We would like to proffer a gentle plea that the entire world, from this day onwards, cease using the term “Bond Girl” by way of a descriptor for certain (never all!) female characters in films concerning the covert travails of the omnipotent and increasingly angular MI6 super-spy, James Bond.
Ahead of the release of newest franchise entry, Spectre, which drops into cinemas worldwide on 23 October, a morsel of marketing bumf was ejected into the world which comprised of a composite image of the film’s female stars. A range of websites duly responded by announcing a chance to catch a first glimpse of this year’s cachet of Bond Girls. It was purely and simply a licence to ogle.
As financially successful and beloved as they are, the James Bond films should not exist beyond the scruples of basic political correctness. Just because this crude hangover from the ’70s still maintains its place in the common parlance should not be reason for people (discerning or otherwise) to blithely accept it and perpetuate it. There’s the sense that it may be an exercise of tilting at windmills when it comes to suggesting that these pop-cultural millstones are actually hindering theses movies, as bank balances speak loudest and longest when it comes to gauging success.
Maybe these crass shorthands – the Bond car, the Bond watch, the Bond drink – are what make these films work, a case of simple, cosy audience wish-fulfilment? Lest we forget, this concept was the central joke of an entire episode of Alan Partridge. Facile compartmentalisation is what prevents the dinosaurs from becoming extinct, to wit…
the reemergence of the dinosaur in 2015: JURASSIC WORLD, THE GOOD DINOSAUR, SPECTRE…
— Anton Bitel (@AntBit) July 22, 2015
At its most rudimentary level, it’s a term that reduces the female characters in these films to mere doled-up chattel. Their personal arcs are tightly sewn in to the emotions of Bond himself – it’s not about how they’re feeling, it’s how their feelings effect the feelings of our lantern-jawed hero. They are built in the knowledge that they are expendable, that it’s in the interest of the franchise’s future that they must be single-serving, that they must be swept-aside to make way for the future intake. This is a generalisation, but it’s made because these characters have been unfairly jostled underneath this ghastly semantic umbrella by fans and pundits, that their generic status makes it tougher to take them seriously.
In Skyfall, this antiquated term did less-than-no favours for its short-lived female heroine. The term itself is one which automatically sexualises the character, whether that fits with the reality of the situation or not. Bérénice Marlohe’s Severine is introduced as the kind of svelte, Euro-seductress that’s a standard of the series. It is quickly revealed that she has been the long-term captor of her male boss who summarily abuses her; a depressed and frightened sex slave, essentially. Yet, because she is The Bond Girl of this particular work, it is fundamental to the progression of events that Bond tracks her down and ravishes her in a shower. It’s a highly dubious scene, and one which exists solely as a weak screenwriting crutch, as she is later employed as a stock emotional bargaining chip. Again, she has no personal arc. Her cruel fate, her very being, is there as cheap sentimental stigma for the main man.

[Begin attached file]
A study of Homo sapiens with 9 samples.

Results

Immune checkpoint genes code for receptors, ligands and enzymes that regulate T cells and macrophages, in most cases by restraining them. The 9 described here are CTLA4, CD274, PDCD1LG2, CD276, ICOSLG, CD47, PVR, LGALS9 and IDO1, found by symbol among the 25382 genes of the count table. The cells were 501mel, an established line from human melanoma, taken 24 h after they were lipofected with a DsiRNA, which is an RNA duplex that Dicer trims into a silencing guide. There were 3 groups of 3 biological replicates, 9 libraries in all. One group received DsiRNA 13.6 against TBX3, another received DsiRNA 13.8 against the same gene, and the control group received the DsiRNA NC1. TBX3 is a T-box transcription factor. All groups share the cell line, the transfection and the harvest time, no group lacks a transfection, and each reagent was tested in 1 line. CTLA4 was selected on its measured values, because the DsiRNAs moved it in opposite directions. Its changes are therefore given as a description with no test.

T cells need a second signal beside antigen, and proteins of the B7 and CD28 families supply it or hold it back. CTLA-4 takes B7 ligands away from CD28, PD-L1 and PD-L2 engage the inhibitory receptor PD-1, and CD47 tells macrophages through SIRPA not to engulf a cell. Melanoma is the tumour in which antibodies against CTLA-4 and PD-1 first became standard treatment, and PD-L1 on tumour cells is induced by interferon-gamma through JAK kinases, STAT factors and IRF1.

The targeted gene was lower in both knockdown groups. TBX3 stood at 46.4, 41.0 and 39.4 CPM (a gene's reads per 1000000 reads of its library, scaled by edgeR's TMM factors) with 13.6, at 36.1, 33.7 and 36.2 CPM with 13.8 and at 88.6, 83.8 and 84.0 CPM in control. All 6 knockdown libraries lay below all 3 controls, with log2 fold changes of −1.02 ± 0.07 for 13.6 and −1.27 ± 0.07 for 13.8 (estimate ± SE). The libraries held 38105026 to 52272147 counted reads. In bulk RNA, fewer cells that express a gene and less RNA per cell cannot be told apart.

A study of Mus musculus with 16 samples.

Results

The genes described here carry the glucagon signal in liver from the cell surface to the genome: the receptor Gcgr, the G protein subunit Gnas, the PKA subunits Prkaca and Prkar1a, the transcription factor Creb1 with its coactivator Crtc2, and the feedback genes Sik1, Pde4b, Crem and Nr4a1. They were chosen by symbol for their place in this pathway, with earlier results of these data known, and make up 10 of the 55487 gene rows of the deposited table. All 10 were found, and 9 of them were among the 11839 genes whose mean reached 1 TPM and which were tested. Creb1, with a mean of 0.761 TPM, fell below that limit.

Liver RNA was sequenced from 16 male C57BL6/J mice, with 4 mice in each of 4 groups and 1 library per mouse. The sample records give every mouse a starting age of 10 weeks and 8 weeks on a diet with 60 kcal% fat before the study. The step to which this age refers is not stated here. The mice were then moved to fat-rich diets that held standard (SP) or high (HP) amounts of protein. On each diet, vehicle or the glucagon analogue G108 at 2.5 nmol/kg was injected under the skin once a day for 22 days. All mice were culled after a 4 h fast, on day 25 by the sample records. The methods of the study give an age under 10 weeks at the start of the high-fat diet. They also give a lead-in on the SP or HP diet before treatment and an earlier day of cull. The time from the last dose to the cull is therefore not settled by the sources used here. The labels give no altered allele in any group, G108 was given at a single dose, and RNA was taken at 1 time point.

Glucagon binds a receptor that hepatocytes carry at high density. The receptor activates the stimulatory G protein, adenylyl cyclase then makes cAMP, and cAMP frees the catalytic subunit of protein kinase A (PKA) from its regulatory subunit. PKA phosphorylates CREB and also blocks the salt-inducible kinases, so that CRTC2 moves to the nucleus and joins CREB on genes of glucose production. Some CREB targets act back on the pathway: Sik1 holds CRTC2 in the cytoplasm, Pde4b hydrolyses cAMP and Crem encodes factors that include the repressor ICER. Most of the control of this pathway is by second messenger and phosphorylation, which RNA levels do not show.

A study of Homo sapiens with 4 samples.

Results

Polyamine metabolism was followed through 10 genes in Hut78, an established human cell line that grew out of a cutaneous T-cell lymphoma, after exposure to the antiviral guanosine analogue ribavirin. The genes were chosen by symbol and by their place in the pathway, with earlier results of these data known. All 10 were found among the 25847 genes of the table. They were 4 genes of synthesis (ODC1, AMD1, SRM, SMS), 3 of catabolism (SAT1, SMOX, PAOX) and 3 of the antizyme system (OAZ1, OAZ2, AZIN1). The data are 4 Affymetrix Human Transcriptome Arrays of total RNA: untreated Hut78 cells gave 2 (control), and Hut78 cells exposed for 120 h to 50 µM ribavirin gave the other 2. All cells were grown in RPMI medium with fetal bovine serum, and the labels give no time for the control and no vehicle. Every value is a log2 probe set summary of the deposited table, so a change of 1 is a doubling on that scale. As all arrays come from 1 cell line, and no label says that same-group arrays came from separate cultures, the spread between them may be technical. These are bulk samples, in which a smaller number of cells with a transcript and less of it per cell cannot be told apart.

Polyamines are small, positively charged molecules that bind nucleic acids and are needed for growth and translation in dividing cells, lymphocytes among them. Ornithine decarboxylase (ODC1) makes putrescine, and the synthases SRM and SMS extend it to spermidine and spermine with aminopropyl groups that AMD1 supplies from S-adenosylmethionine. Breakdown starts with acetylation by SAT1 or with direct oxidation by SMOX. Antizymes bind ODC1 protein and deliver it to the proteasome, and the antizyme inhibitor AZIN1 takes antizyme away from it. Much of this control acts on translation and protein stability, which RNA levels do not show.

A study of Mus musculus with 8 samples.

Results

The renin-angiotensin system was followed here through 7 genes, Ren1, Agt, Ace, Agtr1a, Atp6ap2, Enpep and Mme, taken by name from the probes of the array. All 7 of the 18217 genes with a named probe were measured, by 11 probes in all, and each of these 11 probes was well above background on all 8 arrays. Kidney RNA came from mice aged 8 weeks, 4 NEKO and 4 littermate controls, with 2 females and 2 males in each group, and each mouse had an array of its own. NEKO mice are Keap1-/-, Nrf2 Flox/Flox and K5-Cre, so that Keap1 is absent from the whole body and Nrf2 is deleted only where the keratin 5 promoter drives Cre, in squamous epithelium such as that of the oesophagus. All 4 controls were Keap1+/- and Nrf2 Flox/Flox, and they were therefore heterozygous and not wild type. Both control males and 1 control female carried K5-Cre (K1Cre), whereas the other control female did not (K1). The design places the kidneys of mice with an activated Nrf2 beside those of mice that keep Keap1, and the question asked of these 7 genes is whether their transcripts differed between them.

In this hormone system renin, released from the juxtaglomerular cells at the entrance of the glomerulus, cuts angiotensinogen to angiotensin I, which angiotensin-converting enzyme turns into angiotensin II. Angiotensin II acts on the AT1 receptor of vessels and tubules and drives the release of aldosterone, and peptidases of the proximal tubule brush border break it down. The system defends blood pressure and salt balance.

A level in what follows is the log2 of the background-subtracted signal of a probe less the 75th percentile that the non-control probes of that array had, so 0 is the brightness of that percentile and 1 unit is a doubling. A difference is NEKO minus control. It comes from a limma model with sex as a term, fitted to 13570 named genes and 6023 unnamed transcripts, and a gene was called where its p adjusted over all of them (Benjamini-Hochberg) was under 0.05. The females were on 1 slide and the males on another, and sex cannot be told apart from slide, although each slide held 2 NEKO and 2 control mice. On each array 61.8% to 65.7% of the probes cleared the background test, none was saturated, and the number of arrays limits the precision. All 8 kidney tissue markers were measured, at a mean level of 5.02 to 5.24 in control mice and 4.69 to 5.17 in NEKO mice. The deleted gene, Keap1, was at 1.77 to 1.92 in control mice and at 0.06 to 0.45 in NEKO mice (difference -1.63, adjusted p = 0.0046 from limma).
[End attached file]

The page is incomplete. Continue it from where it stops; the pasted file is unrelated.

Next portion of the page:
This, however, is one example, and the fact is, the “Bond Girl” epithet serves to swaddle the series’ own plucky attempts at being progressive. Izabella Scorupco’s Natalya Simonova from 1995’s GoldenEye can certainly be seen as a step in the right direction, she was more a tough-as-nails partner to Bond than the standard piece of arm candy. The same goes for Eva Green’s Vesper Lynd in 2006’s Casino Royale, a far richer and more complex female character than the reductive “Bond Girl” term allows for, the eventual, ahem, wrapping-up of her plot-line now ensconced as one of the most memorably sad moments in the franchise’s history. Yet in a historical sense, these characters are limited by their required classification. They join the scantily clad huddle rather than being allowed to stand alone as individuals.
Just how Léa Seydoux or Monica Bellucci will fare in Spectre is something we will have to wait for. As long as they remain “Bond Girls”, the impression that they are of secondary importance will remain, whether that’s the case or not. We can now only hope that some bright spark down in marketing doesn’t attempt to come up with a more liberal and dynamic alternative that can plague our sense of decency in a new and exciting ways.
Published 22 Jul 2015
Bond 24 is an enormous, multi-tentacled beast. Sometimes for better, sometimes for worse.
Ben Whishaw and Naomie Harris test their knowledge on the cinema of the Spectre and Skyfall director.